Here Are the Restaurant and Bar Winners of the 2023 RAMMY Awards

Moon Rabbit's Kevin Tien is named Chef of the Year. Causa is best new restaurant.

The scene at the 2023 RAMMY Awards. Photograph by Dan Swartz.

DC’s Chef of the Year doesn’t currently have a sit-down restaurant. Moon Rabbit‘s Kevin Tien took home one of the top honors at last night’s RAMMY Awards—recognizing the region’s best food and drink talent—just weeks after his modern Vietnamese restaurant at the Wharf abruptly closed amid union-busting accusations against the hotel in which it resided. (The InterContinental Hotel later voluntarily recognized its hospitality workers’ union.)

“I’m not really cooking too much right now,” Tien said upon taking the stage at the Walter E. Washington Convention Center gala. “I’ve had a lot of time to really think about things in the past month. I’ve had a lot of free time now. This award says ‘Chef of the Year,’ but to really be up here, it’s not just me being a chef. It’s my team that’s been there supporting me. We’ve had a lot of highs, and we’ve had a lot of lows.”

Tien, though, already has more restaurants in the works, and he recently revived his hit debut restaurant Himitsu as a pop-up in collaboration with Little Vietnam, which occupies Himitsu’s former Petworth space. Tien is also a co-founder of Chefs Stopping AAPI Hate and operates Hot Lola’s, his fast-casual fried-chicken sandwich spots.

Kevin Tien with his award for Chef of the Year. Photograph by Jessica Sidman.

Peruvian hotspot Causa in Shaw’s Blagden Alley was another big winner—it took the coveted title of “New Restaurant of the Year,” and U Street’s Service Bar, from two of Causa’s’ owners, was named best cocktail program. One of the biggest standing ovations of the night, however, went to veteran chef Ris Lacoste of West End restaurant Ris. She won the Duke Zeibert Capital Achievement Award for her “excellence and community leadership.” In her 36 years feeding DC, Lacoste says she’s learned many great tricks of the trade: “But the most important thing I’ve learned is to love your staff, take care of your vendors, take care of the delivery guys. You know, give them a Coke! Give them some hot chocolate!”

The majority of RAMMY winners are determined by an anonymous panel of food and media professionals, while the public votes on five categories, including best brunch, hottest sandwich shop, and—new this year—best bar. Restaurants that aren’t dues-paying members of the Restaurant Association Metropolitan Washington are only eligible for these publicly voted categories.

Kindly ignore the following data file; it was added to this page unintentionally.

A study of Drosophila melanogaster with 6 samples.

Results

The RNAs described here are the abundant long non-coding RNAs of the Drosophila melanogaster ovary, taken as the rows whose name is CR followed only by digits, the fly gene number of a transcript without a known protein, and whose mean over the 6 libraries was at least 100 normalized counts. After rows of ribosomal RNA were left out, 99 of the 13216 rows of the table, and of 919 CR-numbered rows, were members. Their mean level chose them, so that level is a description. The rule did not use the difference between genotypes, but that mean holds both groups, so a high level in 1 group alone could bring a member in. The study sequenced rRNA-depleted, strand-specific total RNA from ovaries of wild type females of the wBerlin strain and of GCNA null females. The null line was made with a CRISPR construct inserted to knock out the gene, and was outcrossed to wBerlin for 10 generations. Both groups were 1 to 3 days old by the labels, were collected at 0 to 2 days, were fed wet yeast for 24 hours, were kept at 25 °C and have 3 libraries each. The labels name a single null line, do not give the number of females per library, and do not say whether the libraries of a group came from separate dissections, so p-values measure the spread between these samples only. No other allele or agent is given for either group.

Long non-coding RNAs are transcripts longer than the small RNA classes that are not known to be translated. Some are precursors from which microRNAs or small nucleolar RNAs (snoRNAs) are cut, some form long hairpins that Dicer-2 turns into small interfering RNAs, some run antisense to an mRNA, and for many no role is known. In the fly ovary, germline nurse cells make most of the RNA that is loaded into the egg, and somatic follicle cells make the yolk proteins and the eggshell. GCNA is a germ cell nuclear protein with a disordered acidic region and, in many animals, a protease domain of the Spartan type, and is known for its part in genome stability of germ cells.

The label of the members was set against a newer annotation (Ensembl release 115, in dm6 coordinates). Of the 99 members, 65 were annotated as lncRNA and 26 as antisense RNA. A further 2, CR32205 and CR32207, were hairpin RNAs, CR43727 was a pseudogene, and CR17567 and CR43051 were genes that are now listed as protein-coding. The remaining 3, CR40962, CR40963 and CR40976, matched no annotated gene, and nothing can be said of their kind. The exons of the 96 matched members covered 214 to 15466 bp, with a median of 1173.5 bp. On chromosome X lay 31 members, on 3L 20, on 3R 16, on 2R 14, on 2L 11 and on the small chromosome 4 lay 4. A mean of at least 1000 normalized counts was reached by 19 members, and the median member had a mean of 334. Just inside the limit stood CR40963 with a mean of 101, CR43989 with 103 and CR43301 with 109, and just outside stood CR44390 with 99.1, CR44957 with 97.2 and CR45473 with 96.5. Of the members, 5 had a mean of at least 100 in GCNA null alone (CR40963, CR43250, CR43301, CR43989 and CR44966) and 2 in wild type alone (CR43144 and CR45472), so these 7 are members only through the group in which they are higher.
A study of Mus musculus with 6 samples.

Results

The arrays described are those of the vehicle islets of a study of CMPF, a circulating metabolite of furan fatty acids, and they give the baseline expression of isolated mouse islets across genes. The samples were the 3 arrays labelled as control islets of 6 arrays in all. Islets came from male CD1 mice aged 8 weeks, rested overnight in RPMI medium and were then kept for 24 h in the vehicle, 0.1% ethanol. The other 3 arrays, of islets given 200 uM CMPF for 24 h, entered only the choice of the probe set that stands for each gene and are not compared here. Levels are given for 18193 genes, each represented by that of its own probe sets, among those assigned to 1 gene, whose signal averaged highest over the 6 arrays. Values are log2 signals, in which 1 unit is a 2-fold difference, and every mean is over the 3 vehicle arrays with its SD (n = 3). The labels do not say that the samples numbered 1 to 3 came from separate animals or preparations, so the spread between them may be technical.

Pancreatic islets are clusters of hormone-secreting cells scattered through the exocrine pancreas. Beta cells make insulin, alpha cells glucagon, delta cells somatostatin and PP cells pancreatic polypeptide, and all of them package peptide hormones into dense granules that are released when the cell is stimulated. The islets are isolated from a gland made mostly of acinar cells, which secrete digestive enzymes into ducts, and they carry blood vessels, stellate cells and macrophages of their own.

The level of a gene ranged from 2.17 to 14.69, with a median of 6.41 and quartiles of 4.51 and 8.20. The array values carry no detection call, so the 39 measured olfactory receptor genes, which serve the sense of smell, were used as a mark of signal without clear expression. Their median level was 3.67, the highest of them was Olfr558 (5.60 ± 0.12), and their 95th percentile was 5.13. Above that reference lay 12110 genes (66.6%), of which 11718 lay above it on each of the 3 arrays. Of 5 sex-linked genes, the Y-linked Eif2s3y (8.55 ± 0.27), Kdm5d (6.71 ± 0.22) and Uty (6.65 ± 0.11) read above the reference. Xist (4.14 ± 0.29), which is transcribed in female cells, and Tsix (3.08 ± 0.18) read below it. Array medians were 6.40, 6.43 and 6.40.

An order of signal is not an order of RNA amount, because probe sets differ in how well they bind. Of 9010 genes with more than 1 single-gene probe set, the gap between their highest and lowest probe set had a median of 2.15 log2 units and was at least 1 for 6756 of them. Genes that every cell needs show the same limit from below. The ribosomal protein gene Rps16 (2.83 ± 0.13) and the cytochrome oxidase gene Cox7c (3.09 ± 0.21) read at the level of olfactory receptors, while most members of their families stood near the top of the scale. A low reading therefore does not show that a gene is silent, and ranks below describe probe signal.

Unfortunately, the ballroom where the awards ceremony took place had mostly cleared out before some of the biggest honors of the night were announced. A party was bumping downstairs and nearly everyone left early to drink.

MSNBC’s Symone Sanders-Townsend with chef and honoree Ris Lacoste. Photograph by Dan Swartz.

Onto the full list of winners…

(*denotes a publicly voted category)

New Restaurant of the Year: Causa/Amazonia

Cocktail Program of the Year: Service Bar

Beer Program of the Year: Shelter

Wine Program of the Year: Reveler’s Hour

Rising Culinary Star of the Year: Marcelle Afram, Shababi Palestinian Rotisserie Chicken

*Favorite Gathering Place: Tiki on 18th/The Game Sports Pub

*Best Brunch: Urban Roast

*Best Bar: Exiles

*Favorite Fast Bites: Rasa

*Hottest Sandwich Spot: Compliments Only

Employee of the Year: Nabil Moussa, Le Diplomate

Manager of the Year: Brittany Dye, Circa Foggy Bottom

Service Program of the Year: Lutèce

Casual Restaurant of the Year: Pennyroyal Station

Upscale Casual Restaurant of the Year: L’Ardente

Pastry Chef or Baker of the Year: Teresa Velazquez, Baked and Wired, A Baked Joint

Formal Fine Dining Restaurant of the Year: Xiquet by Danny Lledó

Chef of the Year: Kevin Tien, Moon Rabbit

Restaurateur of the Year: Rose Previte, No White Plates: Compass Rose, Maydan, Kirby Club

Joan Hisaoka Allied Member of the Year: Saval Foodservice

Jessica Sidman
Food Editor

Jessica Sidman covers the people and trends behind D.C.’s food and drink scene. Before joining Washingtonian in July 2016, she was Food Editor and Young & Hungry columnist at Washington City Paper. She is a Colorado native and University of Pennsylvania grad.